A Statement of Principle
by Brian Phillips · January 14, 2008
No one is talking about the fact that what made the negotiations between Harry Redknapp and Newcastle United break down last week was Harry Redknapp’s demand to be given his own private jet. No one is interested in the fact that Harry Redknapp would have been the coach of Newcastle United if Newcastle had made it possible for him to travel to and from his job in a cask of metal hurtling thousands of feet over the surface of the Earth at speeds of hundreds of miles per hour.
It’s a case of he-said, she-said, of course. There was a quote from a Newcastle source in the Independent, but Harry wasn’t born yesterday, and he isn’t going to confirm to the first reporter who sidles up to him with a pen tucked into his hatband that his decision to walk away from the table was contingent on Newcastle’s refusal to buy him a twenty-million-dollar boron-reinforced plastic Gulfstream G550 that would take him to work every morning on a screaming arc over the clouds.
Personally, I want to believe it.
Look at Harry Redknapp’s history this year. Just as he’s negotiating his contract extension with Portsmouth, the Royal Navy quietly moves two super aircraft carriers onto the site of the team’s new stadium. When the police want to enlist his aid in a corruption investigation, they do so by sending 60 officers to escort him to the station.
Harry Redknapp does not do things by halves.
So I was depressed, a little, when I learned that he’d turned down the offer from Newcastle for all the right reasons: he had a good thing going at Portsmouth, he was settled, his players trusted him, etc. It took the wind out of the sails of the Harry Redknapp legend, a bit. When did Harry ever take the safe, sane, rational, measured approach? When did Harry start living like a mortal?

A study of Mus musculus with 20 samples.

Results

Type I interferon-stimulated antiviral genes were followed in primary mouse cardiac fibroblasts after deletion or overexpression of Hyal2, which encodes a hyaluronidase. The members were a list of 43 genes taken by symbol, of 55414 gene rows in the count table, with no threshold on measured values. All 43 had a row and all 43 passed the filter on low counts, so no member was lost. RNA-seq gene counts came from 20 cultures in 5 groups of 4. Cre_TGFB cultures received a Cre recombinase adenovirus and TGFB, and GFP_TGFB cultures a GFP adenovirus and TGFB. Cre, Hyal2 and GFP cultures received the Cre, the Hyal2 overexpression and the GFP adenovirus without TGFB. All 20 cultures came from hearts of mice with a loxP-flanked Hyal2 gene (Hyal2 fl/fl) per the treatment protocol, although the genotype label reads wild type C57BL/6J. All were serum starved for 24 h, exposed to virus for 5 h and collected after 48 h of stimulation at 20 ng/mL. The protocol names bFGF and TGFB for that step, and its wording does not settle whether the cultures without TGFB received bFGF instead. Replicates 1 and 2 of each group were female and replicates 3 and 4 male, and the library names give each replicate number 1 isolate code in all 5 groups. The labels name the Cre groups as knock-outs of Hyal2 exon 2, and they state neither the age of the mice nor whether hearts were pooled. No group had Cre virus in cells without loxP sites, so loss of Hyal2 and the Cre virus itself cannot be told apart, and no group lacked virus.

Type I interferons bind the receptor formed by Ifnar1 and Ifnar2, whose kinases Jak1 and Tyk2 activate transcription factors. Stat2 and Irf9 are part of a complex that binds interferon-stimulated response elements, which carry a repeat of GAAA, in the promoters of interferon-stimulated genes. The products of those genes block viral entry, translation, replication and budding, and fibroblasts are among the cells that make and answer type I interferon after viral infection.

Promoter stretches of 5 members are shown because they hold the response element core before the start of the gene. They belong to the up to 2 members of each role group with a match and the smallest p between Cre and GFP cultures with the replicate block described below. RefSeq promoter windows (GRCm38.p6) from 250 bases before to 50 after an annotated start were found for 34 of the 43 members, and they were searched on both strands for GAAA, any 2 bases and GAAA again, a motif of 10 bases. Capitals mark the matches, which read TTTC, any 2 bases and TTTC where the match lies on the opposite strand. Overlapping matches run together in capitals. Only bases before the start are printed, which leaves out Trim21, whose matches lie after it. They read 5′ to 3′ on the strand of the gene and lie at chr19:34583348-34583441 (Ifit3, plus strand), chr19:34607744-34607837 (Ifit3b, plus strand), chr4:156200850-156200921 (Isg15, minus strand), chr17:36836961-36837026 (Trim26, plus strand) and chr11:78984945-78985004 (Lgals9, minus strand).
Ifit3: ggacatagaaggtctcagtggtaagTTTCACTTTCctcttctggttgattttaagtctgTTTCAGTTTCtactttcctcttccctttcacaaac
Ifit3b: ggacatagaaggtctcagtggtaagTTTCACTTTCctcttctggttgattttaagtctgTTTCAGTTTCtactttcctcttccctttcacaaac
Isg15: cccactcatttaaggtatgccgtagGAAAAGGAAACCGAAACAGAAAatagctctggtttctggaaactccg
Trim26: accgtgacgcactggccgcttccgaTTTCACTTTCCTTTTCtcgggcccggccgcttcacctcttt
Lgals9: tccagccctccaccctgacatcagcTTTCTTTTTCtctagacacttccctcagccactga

We need people like Harry Redknapp, I thought, because it’s a drab sort of world, and the further you go the more you’ve got to stoop your shoulders to make the jacket fit. And you do what you can to make it better, you try to leave it more beautiful and bizarre than you found it
but everywhere you turn there are men with eyes like drowned princes who take what they want and light their cigars on what it means to you.
I never wanted Harry to go to Newcastle. It was the wrong move. It was the kind of sideways that looks up when you’re living it and down when you see it on TV. They were going to double his salary; they were going to raise dripping chests from the sea for the transfer market; but four years at half the money where you can be successful is worth more than eighteen months of failure for twice the money somewhere else. And at Newcastle you never can tell whether the pellet with the poison’s in the flagon with the dragon, and the chalice with the palace holds the brew that is true, or what.
But if Harry’s making calm, correct decisions, if Harry’s mild, if Harry’s acting like he’s fallible, then three grains of the splendidness of the world fall down through the neck of the hourglass, and three color televisions spontaneously go black and white. We need Harry to be larger than life. We need Harry to be wild-eyed and cynical and enormous, because the world needs splendid things.
But if Harry really turned down the Newcastle job on account of a private jet, then do you see what’s happened? He’s made the right decision for reasons that are even more outsize and insane than the wrong decision would have been. He’s still bigger than platinum. He will coach your football team, but only if he can live in another geographical region and wage a war on speed and gravity every day on the way to the office. Every choice he makes is a signed statement of intent to say what he likes to the cod-eyed dossier men and set the thermostat to whatever number he wants.
Maybe I’m exaggerating. Maybe not. But that’s where we’re going today—into the sky, on a vapor trail, with Harry Redknapp, and damn the heat of the sun.